When the Sea Runs Dry: One Fishing Community’s Story

  • May 20, 2019
  • by Carol Kaufmann

A coastal town in Senegal that has depended on the ocean for generations can no longer catch enough fish

Editor’s Recommendation

Fishing Subsidies Are Speeding the Decline of Ocean Health

November 2, 2018

Every day in the afternoon, fishermen pilot brightly colored canoes called pirogues back from a day’s work on the ocean and haul their catches onto shore. For as long as they can remember, people who live in Joal-Fadiouth, Senegal, on the West African coast have depended on the bounty of the sea; fish is not only their main source of protein but also their primary commercial product. But on many days, fishermen from this town of 46,000 are coming back from the sea without a catch.

Once home to the world’s most abundant fish stocks, the waters of West Africa have fallen prey to overfishing by industrial trawlers, devastating places such as Joal-Fadiouth. In the last few decades, the percentage of overfished marine fisheries worldwide has tripled. According to the United Nations Food and Agriculture Organization (FAO), a third of all fished stocks are fished at unsustainable levels and another 60 percent have no capacity for increased fishing—largely because of the increased demand for fish and fish meal, a powdered protein used to feed other animals such as fish and livestock in European and Asian markets.

Governments around the world spend more than $35 billion to subsidize fishing. About $30 billion of this amount goes to large-scale industrial fishers, many in developed nations in Europe, China, and Russia, rather than to small-scale fishers in vulnerable coastal countries such as Senegal, according to Rashid Sumaila of the University of British Columbia’s Institute for the Oceans and Fisheries. Subsidy payments that offset material costs—fuel, gear, and construction—also enable the bigger vessels to work longer and travel farther out to sea, which can lead to overfishing, stressing the fish populations beyond what is sustainable. Some industrial fishing methods indiscriminately sweep the ocean floor with massive nets that leave little for fishers who use traditional equipment.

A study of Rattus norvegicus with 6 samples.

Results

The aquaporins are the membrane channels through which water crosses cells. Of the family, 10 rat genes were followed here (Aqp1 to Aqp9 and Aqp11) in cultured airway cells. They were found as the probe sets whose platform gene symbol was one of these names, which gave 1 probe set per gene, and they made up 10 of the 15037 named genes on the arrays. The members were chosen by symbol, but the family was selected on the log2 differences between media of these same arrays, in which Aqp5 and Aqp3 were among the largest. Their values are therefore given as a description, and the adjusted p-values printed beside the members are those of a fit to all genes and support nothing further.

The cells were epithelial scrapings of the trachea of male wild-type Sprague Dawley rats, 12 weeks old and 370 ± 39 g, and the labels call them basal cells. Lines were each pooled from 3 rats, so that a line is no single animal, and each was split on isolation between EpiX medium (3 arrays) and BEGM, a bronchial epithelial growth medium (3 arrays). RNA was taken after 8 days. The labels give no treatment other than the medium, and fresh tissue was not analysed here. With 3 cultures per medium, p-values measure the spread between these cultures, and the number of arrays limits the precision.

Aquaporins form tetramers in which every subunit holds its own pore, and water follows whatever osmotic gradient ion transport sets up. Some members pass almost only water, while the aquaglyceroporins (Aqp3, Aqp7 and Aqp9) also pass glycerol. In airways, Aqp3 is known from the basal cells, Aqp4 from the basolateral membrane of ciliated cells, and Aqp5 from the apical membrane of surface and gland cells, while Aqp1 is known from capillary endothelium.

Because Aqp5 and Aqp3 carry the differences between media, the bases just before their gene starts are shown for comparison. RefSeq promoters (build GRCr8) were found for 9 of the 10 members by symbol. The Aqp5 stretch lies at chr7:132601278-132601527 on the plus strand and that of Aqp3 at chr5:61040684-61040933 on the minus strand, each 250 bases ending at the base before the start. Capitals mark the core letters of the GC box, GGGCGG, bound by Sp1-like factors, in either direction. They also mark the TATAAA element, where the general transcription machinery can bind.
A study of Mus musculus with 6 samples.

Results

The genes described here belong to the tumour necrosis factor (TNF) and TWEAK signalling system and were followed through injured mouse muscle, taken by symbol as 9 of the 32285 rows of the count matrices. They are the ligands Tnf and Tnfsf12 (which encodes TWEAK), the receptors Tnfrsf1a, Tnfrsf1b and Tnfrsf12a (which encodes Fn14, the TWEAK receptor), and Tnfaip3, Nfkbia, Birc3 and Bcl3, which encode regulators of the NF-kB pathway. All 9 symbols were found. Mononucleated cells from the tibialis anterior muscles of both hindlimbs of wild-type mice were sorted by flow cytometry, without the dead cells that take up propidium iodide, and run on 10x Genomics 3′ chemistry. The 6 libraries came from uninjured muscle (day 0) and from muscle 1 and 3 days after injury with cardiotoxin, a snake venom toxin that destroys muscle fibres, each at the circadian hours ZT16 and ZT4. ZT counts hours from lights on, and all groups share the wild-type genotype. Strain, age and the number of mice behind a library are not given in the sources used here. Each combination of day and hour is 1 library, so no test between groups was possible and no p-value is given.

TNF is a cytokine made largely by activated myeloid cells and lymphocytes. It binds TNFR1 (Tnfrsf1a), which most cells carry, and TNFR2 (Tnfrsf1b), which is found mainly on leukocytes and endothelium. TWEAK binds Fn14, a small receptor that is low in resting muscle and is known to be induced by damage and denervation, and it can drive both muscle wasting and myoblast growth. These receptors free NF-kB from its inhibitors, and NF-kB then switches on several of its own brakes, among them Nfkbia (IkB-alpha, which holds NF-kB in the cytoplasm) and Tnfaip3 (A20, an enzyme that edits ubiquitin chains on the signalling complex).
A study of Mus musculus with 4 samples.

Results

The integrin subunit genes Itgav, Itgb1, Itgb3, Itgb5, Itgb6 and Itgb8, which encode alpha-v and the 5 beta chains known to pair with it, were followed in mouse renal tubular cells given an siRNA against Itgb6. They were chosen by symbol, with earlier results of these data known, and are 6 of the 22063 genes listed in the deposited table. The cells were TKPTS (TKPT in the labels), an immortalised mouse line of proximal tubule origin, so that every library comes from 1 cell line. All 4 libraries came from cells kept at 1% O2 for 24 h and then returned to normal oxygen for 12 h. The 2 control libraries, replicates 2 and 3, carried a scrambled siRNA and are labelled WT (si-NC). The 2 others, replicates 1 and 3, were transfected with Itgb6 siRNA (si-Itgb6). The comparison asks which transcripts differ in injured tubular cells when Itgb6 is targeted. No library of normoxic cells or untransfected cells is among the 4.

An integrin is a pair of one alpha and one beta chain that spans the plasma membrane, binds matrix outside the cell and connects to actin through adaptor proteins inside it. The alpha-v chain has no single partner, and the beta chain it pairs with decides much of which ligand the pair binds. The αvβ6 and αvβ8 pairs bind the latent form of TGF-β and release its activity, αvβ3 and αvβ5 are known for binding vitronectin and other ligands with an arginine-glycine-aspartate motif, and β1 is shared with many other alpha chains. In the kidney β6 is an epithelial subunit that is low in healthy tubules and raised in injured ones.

“What is so problematic is using taxpayers’ money to overfish the stock, because this doesn’t help the community,” says Sumaila. “We’re losing about 10 million tons of fish a year because we’re not managing it well.” Fishers in developing countries get $1 in subsidies from taxpayers to every $7 that their counterparts in developed countries receive, he says.

Fishers in Joal-Fadiouth feel the effects. “There are a lot of people who used to make money fishing that don’t have a penny,” says Malik Seye, a fisherman and captain of a fishing boat. “I think about our children’s future a lot, because I think fishing will become harder and harder every day. I do not wish my children to become fishermen.”

Soon, however, global policymakers will have a rare opportunity to help repair the situation, which has threatened the way of life for Seye and his fellow fishers on the African coast. The Pew Charitable Trusts is working to encourage members of the World Trade Organization to adopt a binding agreement that will limit or eliminate harmful fisheries subsidies by the end of 2019—which is not only one of the single greatest actions that could ensure the health of the world’s oceans, but also would help sustain the only way of life that fishermen like Seye have ever known.